Austria′s Reds Check for Brown Spots | Europe| News and current affairs from around the continent | DW | 16.07.2005

Austria has traditionally claimed that it was one of Nazi Germany's first victims when it was annexed in 1938 but reality tells a different story. Now, the country's Social Democrats are churning up the party's past.


Adolf Hitler enters Vienna in March 1938

It's often said of Austria that it has not done enough to come to terms with its Nazi past. The country became part of the Third Reich when it was annexed by Hitler in 1938. It's often described as Hitler's first victim, despite the fact that many Austrians welcomed the Nazis and held prominent positions in Hitler's regime.

Wahlen in Österreich Jörg Haider

Populistic Austrian politician Jörg Haider has been frequently criticized for pro-Nazi remarks

This hasn't gone unnoticed in the Alpine country. An old inside joke among Austrians is to compare politicians to "punschkrapfen" -- sweet cakes which are iced pink (left wing) on the outside, but are chocolate brown (the color of the Nazis) on the inside.

Austria's Social Democratic party (SPÖ), arguably the most powerful political movement in the country during the post-war period, has served up its fair share punschkrapfen -- members with a Nazi past who took up powerful positions in the fledgling democracy after 1945. Historian Maria Mesner has just completed her report on Austria's post-war period, and it doesn't paint a pretty picture of the Socialists.

Red is not always red

In the study, she revealed that just over 10 percent of the Socialists' parliamentarians and senior officers in the immediate post-war years had once been members of the Nazi party.This was a time when Austria was occupied by the victorious allied powers and memories of Nazi atrocities were fresh.

"In the beginning, the Social Democratic Party really tried to keep former Nazis out of the party, or remove them," Mesner said.

But political pragmatism quickly replaced the distaste for those who'd been part of the totalitarian regime. When it came time for elections in late 1945, votes became more important than grappling with the recent past, Mesner said.

"It became clear that the first elections would be held already in autumn 1945 and all the political parties started to compete for voters," the historian said. "The number of people related to or connected to Nazis was a rather big part of the electorate."

2005: An important year

The year 2005 marks an important year for Austria. Not only does it mark the 60th anniversary of the liberation from Nazi Germany, but 50 years ago, Austria regained its sovereignty from the Allies after a decade of occupation.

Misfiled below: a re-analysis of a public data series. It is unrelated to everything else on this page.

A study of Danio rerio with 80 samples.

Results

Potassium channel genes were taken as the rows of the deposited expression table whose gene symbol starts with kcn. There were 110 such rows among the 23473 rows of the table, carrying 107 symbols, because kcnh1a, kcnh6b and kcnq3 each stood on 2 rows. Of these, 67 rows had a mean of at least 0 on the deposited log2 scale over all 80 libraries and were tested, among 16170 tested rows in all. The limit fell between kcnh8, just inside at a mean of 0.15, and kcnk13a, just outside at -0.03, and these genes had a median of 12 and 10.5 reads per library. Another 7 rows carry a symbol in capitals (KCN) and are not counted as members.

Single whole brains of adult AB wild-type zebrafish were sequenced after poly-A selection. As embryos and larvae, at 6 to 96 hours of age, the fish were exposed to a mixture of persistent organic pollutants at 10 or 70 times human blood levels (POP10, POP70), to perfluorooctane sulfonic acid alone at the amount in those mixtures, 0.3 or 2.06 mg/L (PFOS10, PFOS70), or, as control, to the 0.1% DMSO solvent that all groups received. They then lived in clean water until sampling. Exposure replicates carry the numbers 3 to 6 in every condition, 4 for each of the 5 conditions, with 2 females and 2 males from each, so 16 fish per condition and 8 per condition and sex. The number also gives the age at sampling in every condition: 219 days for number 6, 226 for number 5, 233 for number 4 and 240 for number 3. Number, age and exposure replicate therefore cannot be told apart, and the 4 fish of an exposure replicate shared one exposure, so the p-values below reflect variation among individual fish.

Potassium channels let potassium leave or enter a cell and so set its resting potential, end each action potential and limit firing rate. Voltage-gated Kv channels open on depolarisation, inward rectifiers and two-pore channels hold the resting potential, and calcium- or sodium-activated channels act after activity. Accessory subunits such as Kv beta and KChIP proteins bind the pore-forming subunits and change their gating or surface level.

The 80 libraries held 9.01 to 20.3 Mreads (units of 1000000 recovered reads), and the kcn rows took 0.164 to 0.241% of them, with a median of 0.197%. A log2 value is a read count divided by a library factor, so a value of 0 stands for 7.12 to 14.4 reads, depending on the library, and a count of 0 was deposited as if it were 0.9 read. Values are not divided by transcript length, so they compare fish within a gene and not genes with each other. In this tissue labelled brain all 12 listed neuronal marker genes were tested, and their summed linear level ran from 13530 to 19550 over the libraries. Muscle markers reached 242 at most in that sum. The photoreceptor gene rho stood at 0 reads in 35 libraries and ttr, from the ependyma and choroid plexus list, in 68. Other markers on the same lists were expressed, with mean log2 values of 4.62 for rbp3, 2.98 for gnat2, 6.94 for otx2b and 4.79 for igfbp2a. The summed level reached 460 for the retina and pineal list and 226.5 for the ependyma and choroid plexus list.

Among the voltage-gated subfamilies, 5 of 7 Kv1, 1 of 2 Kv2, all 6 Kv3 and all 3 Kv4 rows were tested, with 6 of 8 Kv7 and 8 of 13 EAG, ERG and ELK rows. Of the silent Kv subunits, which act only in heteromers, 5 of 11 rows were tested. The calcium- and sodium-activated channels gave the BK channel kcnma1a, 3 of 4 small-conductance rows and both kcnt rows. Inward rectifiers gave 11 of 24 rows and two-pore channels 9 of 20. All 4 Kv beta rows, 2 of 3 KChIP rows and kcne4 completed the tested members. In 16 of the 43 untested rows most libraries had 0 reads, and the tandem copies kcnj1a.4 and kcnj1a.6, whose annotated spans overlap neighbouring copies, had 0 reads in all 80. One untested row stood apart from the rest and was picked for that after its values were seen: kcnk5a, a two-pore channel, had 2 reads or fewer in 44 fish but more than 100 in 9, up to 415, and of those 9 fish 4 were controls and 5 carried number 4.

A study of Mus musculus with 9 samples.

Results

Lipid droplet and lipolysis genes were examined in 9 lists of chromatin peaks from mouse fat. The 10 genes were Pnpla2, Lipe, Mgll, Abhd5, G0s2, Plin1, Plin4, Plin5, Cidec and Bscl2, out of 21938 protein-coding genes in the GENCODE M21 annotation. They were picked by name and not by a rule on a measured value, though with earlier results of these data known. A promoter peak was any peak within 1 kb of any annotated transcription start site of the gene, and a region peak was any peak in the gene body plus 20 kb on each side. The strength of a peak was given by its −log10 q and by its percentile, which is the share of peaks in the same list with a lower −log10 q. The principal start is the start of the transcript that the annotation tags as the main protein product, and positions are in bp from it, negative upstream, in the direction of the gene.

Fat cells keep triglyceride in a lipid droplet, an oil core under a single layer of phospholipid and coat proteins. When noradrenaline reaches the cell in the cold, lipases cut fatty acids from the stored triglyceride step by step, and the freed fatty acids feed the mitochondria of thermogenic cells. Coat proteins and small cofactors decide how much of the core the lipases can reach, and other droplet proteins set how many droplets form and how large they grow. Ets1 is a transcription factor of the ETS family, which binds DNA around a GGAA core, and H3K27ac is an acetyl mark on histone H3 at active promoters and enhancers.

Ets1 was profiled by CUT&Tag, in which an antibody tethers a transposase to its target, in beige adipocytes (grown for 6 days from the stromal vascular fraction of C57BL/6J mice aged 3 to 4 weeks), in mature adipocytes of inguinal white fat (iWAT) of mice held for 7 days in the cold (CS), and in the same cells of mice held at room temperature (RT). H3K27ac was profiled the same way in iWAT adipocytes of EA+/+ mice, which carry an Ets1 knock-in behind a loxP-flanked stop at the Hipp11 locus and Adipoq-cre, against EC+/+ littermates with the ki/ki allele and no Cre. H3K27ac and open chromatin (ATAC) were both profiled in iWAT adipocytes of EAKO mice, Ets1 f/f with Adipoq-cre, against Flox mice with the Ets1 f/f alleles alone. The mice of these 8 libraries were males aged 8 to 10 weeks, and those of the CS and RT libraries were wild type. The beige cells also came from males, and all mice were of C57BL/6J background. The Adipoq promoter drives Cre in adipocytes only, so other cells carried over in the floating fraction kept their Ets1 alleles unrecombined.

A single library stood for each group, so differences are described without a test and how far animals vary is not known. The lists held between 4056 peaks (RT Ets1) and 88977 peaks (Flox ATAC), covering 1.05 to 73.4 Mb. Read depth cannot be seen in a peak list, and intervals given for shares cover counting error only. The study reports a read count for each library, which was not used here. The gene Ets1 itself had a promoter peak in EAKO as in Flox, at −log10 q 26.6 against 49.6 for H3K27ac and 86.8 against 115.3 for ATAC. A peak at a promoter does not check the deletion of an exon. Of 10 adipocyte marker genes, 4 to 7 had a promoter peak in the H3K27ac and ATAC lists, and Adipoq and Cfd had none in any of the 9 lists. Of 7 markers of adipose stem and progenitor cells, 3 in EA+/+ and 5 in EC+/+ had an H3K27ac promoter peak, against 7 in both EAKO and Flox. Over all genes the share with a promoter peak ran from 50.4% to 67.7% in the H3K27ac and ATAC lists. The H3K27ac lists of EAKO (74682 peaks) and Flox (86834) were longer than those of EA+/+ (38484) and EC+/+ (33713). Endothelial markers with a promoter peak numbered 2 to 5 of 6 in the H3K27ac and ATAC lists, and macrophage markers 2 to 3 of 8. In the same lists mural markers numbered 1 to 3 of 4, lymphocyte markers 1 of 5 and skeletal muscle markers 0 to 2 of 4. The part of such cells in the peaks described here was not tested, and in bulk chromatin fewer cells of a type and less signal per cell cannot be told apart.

Österreich Bundespräsident Heinz Fischer

Austrian President Heinz Fischer

But the opportunity to talk openly about the country's collective memory with regard to Nazi Germany has been avoided to a great extent. Austria's president, Heinz Fischer, a former Social Democrat who's been active in left wing politics for nearly 40 years, admitted to Austria's reluctance to talk about the past.

"It took quite a long time until we found the right language for some problems," the 66-year-old Graz native said. "The national fund for victims of the Nazi era wasn't established until you can say it was very late. Some say it was too late."

High ground no longer possible

The revelations about the Social Democrats, who have been in power in Austria either in coalition or ruling in their own right for most of the past 50 years, struck a blow to the party. In the past, they've generally taken the moral high ground when it comes to denouncing former Nazis and the far right, but according to Mesner, the left wing of politics has gone along with the rest in repressing the past.

"When a large share of a population is involved in a regime like that, as was the case with the Third Reich, then how things are talked about becomes an important issue. And they were not talked about," she said. "People were rewarded, so to say, if they didn't talk about it."

Heinrich Gross, Naziarzt aus Österreich

Heinrich Gross was alleged to have killed children in a mental institute

The collective silence led to later embarrassment for the SPÖ, for example, with the case of Heinrich Gross (photo), a former Social Democrat. Gross was a successful forensic scientist during the Nazi regime, because he dissected the brains of hundreds of children killed under the Nazis' euthanasia program at a Vienna clinic. He was linked to the deaths of nine children, but was able to remain a party member until 1981.

"There were several cases like this," said Mesner. "This was the most prominent one and the most disturbing one. I think it was a commitment by elites not to discuss it."

The Heinrich Gross affair provided the incentive for the Social Democrats to begin the airing of their dirty laundry. But if brown stains have been found on Austria's reds they're sure to turn up on other political colors, too. The Social Democrats are now calling on the governing Austrian People's Party to conduct an investigation into their dealings with former Nazis, in the hope that such a report will provide even more shameful reading than their own.